How can I possibly certify that 100 percent of my third parties, including all customers and vendors, are 100 percent FCPA compliant based on the new SEC/DOJ requirements? Frank Orlowski outlines a solution.
Now that the SEC has gotten involved with FCPA, along with the DOJ, they have interpreted the FPCA statute to mean that a company must maintain a system of internal accounting controls that monitors FCPA compliance not only internally, but also for all its third parties, including customers and suppliers.
With the average Fortune 50 company having over 75,000 suppliers and 300,000 large customers, the enforcement is nearly impossible and deemed as “sneaky.”
Even former DOJ leadership acknowledges the incredible challenge around FCPA compliance, especially now that the SEC has stepped up enforcement. (See video below at around 14:40).
However, there is a solution to avoid or mitigate FCPA fines/actions, as well as damaging public press releases by the DOJ/SEC due to third-party violations. A robust, but straightforward certification program can significantly mitigate this risk!
A certification program is primarily an attestation or assertion document that is acknowledged or signed by an employee and all third parties delivered by email, a simple workflow software or even through the mail. It is generally language-specific, but if translators are not available, an English-only document works. The attestation or assertion document is asking an individual, entity or official to certify that they understand the FCPA, are FCPA compliant and are unaware of any violations.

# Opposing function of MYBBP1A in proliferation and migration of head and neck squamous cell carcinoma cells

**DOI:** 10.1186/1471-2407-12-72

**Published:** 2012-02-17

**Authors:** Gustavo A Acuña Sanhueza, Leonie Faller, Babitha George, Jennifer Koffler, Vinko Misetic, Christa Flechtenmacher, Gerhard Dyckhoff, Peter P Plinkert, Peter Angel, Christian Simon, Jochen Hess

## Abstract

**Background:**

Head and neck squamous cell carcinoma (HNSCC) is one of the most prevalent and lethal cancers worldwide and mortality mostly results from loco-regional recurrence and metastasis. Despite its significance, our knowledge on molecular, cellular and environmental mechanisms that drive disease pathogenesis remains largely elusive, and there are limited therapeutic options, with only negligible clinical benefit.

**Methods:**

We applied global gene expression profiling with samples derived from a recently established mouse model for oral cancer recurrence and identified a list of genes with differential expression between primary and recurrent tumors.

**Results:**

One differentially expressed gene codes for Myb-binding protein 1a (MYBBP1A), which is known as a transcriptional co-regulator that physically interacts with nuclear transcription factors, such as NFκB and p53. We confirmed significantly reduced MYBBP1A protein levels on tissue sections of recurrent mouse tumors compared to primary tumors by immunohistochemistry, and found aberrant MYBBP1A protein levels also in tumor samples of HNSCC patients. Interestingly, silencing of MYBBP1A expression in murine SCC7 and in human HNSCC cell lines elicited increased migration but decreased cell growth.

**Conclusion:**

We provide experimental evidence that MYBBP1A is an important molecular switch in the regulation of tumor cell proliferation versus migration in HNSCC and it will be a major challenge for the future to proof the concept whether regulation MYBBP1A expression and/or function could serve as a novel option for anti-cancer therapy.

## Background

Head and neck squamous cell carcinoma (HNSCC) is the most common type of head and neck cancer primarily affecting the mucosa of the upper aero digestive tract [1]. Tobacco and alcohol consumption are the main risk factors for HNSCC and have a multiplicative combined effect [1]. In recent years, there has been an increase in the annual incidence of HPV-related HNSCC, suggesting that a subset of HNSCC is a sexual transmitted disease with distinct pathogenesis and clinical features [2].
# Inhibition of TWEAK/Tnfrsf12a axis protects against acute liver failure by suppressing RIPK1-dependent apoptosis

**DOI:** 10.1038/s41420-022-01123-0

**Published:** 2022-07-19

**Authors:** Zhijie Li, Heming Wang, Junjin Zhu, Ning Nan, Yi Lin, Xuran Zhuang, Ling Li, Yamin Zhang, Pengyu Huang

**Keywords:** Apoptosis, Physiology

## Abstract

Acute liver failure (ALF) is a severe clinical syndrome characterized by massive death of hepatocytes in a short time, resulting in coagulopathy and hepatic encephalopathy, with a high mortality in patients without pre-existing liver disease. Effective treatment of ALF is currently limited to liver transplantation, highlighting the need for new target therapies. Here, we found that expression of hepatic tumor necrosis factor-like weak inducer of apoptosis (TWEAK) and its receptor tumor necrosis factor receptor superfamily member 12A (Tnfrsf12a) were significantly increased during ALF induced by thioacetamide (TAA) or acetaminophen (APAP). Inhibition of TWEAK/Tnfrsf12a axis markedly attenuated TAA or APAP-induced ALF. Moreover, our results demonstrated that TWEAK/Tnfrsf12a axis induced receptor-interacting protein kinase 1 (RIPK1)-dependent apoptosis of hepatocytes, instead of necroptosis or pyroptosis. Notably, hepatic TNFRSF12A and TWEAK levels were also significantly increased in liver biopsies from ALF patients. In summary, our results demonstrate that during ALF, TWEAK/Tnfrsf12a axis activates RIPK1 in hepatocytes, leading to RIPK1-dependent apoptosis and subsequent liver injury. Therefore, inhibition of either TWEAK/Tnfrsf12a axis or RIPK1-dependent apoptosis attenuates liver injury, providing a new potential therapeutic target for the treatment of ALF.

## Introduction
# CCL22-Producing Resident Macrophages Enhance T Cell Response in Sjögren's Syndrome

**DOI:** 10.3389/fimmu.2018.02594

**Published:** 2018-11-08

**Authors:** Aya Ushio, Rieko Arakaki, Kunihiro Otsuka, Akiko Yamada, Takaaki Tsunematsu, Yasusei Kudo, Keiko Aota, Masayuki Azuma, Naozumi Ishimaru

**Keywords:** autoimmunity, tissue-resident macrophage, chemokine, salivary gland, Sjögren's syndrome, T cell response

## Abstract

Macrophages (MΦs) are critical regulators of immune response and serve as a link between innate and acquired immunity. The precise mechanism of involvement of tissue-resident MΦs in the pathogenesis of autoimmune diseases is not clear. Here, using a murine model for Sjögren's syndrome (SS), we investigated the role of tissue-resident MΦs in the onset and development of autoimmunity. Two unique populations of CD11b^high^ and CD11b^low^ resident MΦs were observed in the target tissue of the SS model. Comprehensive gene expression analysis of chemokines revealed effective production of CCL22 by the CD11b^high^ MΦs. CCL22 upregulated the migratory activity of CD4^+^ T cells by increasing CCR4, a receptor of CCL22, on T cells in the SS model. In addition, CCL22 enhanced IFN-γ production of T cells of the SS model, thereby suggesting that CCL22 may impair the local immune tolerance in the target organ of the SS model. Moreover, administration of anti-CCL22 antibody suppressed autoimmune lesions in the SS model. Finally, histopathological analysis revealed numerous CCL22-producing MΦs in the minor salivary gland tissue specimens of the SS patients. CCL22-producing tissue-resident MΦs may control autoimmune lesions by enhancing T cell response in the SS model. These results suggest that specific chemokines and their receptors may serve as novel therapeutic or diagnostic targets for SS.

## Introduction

You might be thinking, there is no way all of my hundreds of thousands of suppliers, customers and colleagues will comply. What kind of exposure will we have?
In the case of colleagues, it’s a more straightforward answer: The certification process should be mandatory and use internal email or workflow tools. In the case of third parties, where there is less control, the recommendation is to send the certification communication (via email or mail) up to three times in 90 days. It is OK if there is no response.
The key to the entire certification process is robust documentation and controls, including for third parties that have not responded despite three attempts.
Essential elements to an FCPA certification process include:
- An emphasis on full disclosure, awareness and an understanding of the FCPA statute and any potential violations in the written certification
- A process for disseminating to third parties and internal employees
- Tracking and reporting
It has been proven: A robust certification program, when implemented in advance of a certification program, has led to reduced or even eliminated penalties, not to mention damaging PR from the announcement of an SEC/DOJ investigation.
A robust FCPA certification program may be the most significant solution you can implement within your organization in terms of minimizing costs and avoiding reputational harm.